We begin with the Trust’s recent project in Africa’s largest refugee camp, Bidi Bidi, northern Uganda.
Until a few years ago, Bidi Bidi was an empty tract of land in northern Uganda, occupied only by a few scattered villages, whose people eked out a meagre living in the swathes of inhospitable bush. Bidi Bidi is now home to 240,000 refugees from South Sudan who fled that country’s bitter civil war, at the height of which up to 6000 crossed into Uganda every day. Bidi Bidi is now a sizeable city, administered by the UN refugee agency, UNHCR.
Led by Assistant Country Manager and Old Haileyburian, Ed Brett, HYT working with international NGO, Mercy Corps and its Mercy Corps BRIDGE project, successfully trained 26 refugees and Ugandans in building, constructing a large meeting space and two kiosks for trades people in Bidi Bidi‘s Zone 3. The camp is so huge, it is divided into Zones, each a small town, with up to 50,000 inhabitants. During the Bidibidi project HYT trained 26 youths in all aspects of construction.
The project began last May, when HYT recruited 26 youths (20 refugee and six Ugandan) who then had four months of intensive construction training, led by HYT’s outstanding training managers, with a special focus on HYT’s innovative, environmentally friendly building technology, the Interlocking Stabilised Soil Block (ISSB),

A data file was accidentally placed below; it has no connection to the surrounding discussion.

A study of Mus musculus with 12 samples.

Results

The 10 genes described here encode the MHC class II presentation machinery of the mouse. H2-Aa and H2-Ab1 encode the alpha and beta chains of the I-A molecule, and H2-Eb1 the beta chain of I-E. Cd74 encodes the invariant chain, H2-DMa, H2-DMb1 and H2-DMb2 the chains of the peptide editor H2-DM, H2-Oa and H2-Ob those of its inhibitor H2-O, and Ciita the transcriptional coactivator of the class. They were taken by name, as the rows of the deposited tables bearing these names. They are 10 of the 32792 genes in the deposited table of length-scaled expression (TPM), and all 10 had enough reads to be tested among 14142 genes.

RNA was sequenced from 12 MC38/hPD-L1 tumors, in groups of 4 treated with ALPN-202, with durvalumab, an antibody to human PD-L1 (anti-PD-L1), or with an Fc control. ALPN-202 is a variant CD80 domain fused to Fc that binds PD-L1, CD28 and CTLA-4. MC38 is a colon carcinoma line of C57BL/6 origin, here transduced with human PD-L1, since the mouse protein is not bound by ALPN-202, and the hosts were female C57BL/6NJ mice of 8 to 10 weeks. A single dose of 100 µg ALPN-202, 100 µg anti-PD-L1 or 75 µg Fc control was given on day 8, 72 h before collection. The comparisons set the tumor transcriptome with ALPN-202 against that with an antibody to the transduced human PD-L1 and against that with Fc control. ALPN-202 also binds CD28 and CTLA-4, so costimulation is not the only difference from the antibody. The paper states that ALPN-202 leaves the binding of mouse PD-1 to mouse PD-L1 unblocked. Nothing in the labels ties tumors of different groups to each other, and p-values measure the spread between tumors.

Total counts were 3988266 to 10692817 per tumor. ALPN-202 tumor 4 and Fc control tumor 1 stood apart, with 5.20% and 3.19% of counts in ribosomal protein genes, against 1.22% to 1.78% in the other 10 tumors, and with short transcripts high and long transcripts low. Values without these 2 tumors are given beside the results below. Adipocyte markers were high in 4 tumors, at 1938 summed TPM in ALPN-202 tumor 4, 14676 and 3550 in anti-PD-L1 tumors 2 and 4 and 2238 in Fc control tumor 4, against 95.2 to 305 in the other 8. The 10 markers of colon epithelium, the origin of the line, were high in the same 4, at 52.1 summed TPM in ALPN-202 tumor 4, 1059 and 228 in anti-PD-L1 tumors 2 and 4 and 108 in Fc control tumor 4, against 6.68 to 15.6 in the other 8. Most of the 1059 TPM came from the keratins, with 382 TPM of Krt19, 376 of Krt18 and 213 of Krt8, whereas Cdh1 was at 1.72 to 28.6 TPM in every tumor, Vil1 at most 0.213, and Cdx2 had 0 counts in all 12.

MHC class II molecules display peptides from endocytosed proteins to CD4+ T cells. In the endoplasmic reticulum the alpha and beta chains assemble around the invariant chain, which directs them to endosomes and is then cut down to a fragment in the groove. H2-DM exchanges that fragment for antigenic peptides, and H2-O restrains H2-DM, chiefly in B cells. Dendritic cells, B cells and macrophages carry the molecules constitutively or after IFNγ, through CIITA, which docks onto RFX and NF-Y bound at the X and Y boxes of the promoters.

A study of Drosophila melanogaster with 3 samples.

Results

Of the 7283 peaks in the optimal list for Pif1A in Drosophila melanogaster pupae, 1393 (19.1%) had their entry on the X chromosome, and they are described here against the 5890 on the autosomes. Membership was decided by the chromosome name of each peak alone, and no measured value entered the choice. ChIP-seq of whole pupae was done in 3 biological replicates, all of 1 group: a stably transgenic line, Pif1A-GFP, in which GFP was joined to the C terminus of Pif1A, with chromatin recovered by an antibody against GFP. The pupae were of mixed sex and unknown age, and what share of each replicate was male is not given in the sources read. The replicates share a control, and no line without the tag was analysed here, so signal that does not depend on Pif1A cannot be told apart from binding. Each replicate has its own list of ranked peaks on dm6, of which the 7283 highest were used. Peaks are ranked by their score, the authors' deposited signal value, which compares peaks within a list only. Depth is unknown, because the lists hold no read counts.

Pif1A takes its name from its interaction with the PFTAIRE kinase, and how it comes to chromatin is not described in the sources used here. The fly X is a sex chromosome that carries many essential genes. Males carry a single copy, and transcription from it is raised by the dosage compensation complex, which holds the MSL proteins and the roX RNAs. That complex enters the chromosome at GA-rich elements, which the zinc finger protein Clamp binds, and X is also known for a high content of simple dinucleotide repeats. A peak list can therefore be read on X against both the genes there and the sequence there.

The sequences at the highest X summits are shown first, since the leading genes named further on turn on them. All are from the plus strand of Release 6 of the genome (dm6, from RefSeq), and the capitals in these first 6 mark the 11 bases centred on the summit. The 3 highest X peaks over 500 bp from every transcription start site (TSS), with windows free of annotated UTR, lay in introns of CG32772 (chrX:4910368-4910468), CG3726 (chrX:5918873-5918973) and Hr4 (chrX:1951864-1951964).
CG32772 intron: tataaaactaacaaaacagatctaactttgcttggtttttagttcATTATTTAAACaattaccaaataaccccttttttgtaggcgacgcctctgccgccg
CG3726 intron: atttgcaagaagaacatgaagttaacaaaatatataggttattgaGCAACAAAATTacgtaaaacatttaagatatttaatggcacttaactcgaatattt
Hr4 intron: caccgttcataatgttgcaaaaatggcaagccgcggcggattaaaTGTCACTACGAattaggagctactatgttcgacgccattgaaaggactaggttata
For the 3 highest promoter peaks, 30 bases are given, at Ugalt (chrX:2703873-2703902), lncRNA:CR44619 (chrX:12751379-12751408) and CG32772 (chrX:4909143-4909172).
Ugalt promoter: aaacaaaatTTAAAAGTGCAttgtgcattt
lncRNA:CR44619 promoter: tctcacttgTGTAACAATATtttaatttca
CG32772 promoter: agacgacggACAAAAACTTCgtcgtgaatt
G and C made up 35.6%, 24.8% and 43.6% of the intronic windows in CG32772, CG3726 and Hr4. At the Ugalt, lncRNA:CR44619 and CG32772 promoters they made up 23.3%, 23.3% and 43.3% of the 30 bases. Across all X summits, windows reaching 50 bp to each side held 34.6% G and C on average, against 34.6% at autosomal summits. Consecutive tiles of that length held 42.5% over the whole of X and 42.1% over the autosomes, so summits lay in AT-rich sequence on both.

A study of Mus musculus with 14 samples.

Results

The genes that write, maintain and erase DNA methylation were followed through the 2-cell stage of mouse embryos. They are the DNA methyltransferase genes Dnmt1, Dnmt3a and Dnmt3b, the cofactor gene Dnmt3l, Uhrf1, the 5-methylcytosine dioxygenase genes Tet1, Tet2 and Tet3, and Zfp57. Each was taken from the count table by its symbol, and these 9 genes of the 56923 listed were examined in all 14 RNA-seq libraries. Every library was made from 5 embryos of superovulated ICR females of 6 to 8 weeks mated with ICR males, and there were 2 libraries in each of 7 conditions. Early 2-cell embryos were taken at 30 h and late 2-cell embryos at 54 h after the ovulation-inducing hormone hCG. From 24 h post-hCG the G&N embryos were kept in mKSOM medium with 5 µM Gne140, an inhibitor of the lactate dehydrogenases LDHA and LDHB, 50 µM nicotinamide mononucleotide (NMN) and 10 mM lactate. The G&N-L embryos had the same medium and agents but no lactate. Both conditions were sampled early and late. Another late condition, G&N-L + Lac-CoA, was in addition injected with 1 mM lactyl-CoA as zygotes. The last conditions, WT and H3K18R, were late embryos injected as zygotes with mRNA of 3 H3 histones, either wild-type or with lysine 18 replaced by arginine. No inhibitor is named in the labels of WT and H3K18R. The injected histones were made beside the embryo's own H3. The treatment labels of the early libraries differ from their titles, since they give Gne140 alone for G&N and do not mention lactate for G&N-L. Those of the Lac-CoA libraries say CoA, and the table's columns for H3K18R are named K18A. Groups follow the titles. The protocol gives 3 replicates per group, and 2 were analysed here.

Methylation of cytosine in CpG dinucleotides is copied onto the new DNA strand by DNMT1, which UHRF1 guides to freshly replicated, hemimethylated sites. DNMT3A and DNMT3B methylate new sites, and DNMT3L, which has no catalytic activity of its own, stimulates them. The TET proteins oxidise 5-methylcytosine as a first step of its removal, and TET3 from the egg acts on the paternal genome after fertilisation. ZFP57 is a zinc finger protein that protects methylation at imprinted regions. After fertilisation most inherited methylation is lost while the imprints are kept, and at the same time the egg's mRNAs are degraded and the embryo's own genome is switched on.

An important aspect of working in refugee areas is to include the Ugandan host community as well as the refugees themselves, so benefits are equally shared in what is one of the world’s poorest countries. Another consideration was gender balance. Like in the UK, the construction industry in Uganda is male dominated and so HYT was pleased to have 10 female trainees on this project.
In September, after four months of hard work, the trainees celebrated their graduation. The commitment and skill of both trainees and staff can be seen in the quality of the buildings, which were met with approval and appreciation from UNHCR and the Office of the Prime Minister. Most importantly, the refugee community itself was thrilled to have these new facilities in which to meet and trade.
The environmentally-friendly approach to building was also greeted with increased respect. Before the project started, there was some doubt that a compressed earth block, one that wasn’t fired in the local way, would be strong enough. Lab testing proved that HYT’s blocks are both durable and strong, as well as being a sustainable method of building.
The project saved the equivalent of 19.1 tons of firewood or more than four mature trees.
Following HYT’s successful project in Zone 3, Mercy Corps invited HYT to construct another meeting centre in Bidibidi’s Zone 4. HYT’s first project in one of the world’s largest refugee settlements was an outstanding achievement and paved the way for more life changing work to come.
In our next piece, we will tell the remarkable story of Cisco, one of the stand out trainees from Bidi Bidi and a refugee determined to make the most of his new found skills.